Kiwi company reinvents itself to survive Covid-19 pandemic, and is now thriving

A Cambridge-based company has kept its business afloat amid Covid-19 by using good-old Kiwi ingenuity.

Fiasco has been producing equipment cases and other products for the event and touring sector in New Zealand since 2013 and the United States since 2017.

But when news of Covid-19 hit, the company’s whole world was flipped upside down. With the music and entertainment industry unable to continue in both countries due to virus restrictions, 90 per cent of Fiasco’s work dried up.

Fiasco had also been eyeing the close of one of its biggest business deals to date, but on March 7 that order was delayed because of Covid-19 and now remains up in the air.

It only took the company’s team 10 days from that date to put their innovation hats on and figure out a way to move forward.

That was when they came up with two product offerings - a screen to protect retailers or those working in face-to-face roles amid the pandemic, and a collapsable, ergonomically designed work from home desk.

Joe Bradford co-owns Fiasco with Matt Waterhouse. Mr Bradford says without this pivot, the company wouldn’t have survived the pandemic.

“We’ve managed to keep everyone employed and we’ve also been able to pull in some of our casual workers to work as well. In the short term we’ve achieved survival and we’ve actually flourished,” says Mr Bradford.

Both products are produced in New Zealand and in the US for their respective markets. Mr Bradford says sales in the US had been slow to start with, as restrictions have differed around the country, but the company has seen a good amount of growth on home soil, particularly for the desk.

“We’ve had several large household New Zealand names who have come and said, ‘Hey, we’ve got staff working from home now,’ and need our product.

“It’s been slower in the US than it has here. Their lockdown rules are quite different but some things are changing there as well and I expect things will pick up. Facebook and Google originally sent their staff to work from home for a month and have now extended that to 2021.”

Fiasco’s Screen Serve product has been used in businesses throughout the Covid-19 alert level system, including in one of the company’s local pharmacies, Sanders Pharmacy in Cambridge.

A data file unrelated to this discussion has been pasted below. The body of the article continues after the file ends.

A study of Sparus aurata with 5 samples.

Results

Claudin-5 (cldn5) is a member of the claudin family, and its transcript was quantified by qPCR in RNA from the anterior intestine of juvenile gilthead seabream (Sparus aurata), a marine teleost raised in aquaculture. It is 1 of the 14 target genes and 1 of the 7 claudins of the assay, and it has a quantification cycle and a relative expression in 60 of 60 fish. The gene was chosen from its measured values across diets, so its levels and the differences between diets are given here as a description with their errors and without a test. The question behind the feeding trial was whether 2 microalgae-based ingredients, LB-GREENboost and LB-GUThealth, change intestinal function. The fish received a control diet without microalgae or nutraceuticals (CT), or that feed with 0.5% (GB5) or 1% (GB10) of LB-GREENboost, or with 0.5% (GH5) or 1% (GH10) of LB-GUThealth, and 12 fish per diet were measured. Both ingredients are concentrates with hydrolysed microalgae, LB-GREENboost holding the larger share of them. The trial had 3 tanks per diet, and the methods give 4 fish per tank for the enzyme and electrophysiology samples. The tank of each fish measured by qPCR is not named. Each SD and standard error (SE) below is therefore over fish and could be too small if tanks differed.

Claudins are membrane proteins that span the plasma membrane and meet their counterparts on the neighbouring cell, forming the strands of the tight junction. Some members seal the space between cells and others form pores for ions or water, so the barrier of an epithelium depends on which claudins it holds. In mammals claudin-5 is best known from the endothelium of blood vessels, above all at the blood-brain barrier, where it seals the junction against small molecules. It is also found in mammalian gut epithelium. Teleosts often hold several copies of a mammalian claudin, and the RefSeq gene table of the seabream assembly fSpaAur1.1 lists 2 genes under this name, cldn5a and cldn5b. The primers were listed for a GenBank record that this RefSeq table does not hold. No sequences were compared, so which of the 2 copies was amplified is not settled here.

Used to protect those working in essential industries, Mr Bradford says he doesn't think the screen product will be required after Level 1, and will probably be packed away.

That is the reality for Sanders Pharmacy owner Gemma Perry, who says they will be packing up some of their screens tonight. 

"We’re stoked, we’re taking our screens down tonight as they’re not required at Level 2 but they’ve done the job. We’ve got past the peak of transmission," says Ms Perry.

"It’s just given us total confidence in providing our essential service throughout the pandemic. Our customers have been amazing and could see we were taking the risk seriously as screen serve portrayed that we weren’t mucking around with Covid."

Fiasco’s focus will continue to focus on marketing the Work From Home desk, while also getting back into the music industry when things kick off again.

He believes the events industry will thrive again, but not for a while.

“We live and breathe touring and we think that people love going to events so we think it will come back. I expect it will be six to 24 months before it comes back to a level which might sustain us as a business,” says Mr Bradford.

“It will take time, our core customers are hurting badly...It’s inevitable the events industry will once again flourish but I don't think we’re going to get there in the next month or two.”

He says it will be the same story in the US.

“We have to grow into a new market and grow back into the market we were in.”


In managing to keep afloat, Fiasco is also helping out others where it can. Mr Bradford says the company is donating $10 from every Work From Home Desk sold to Music Helps, a Kiwi charity that's assisting those in the music industry through the pandemic.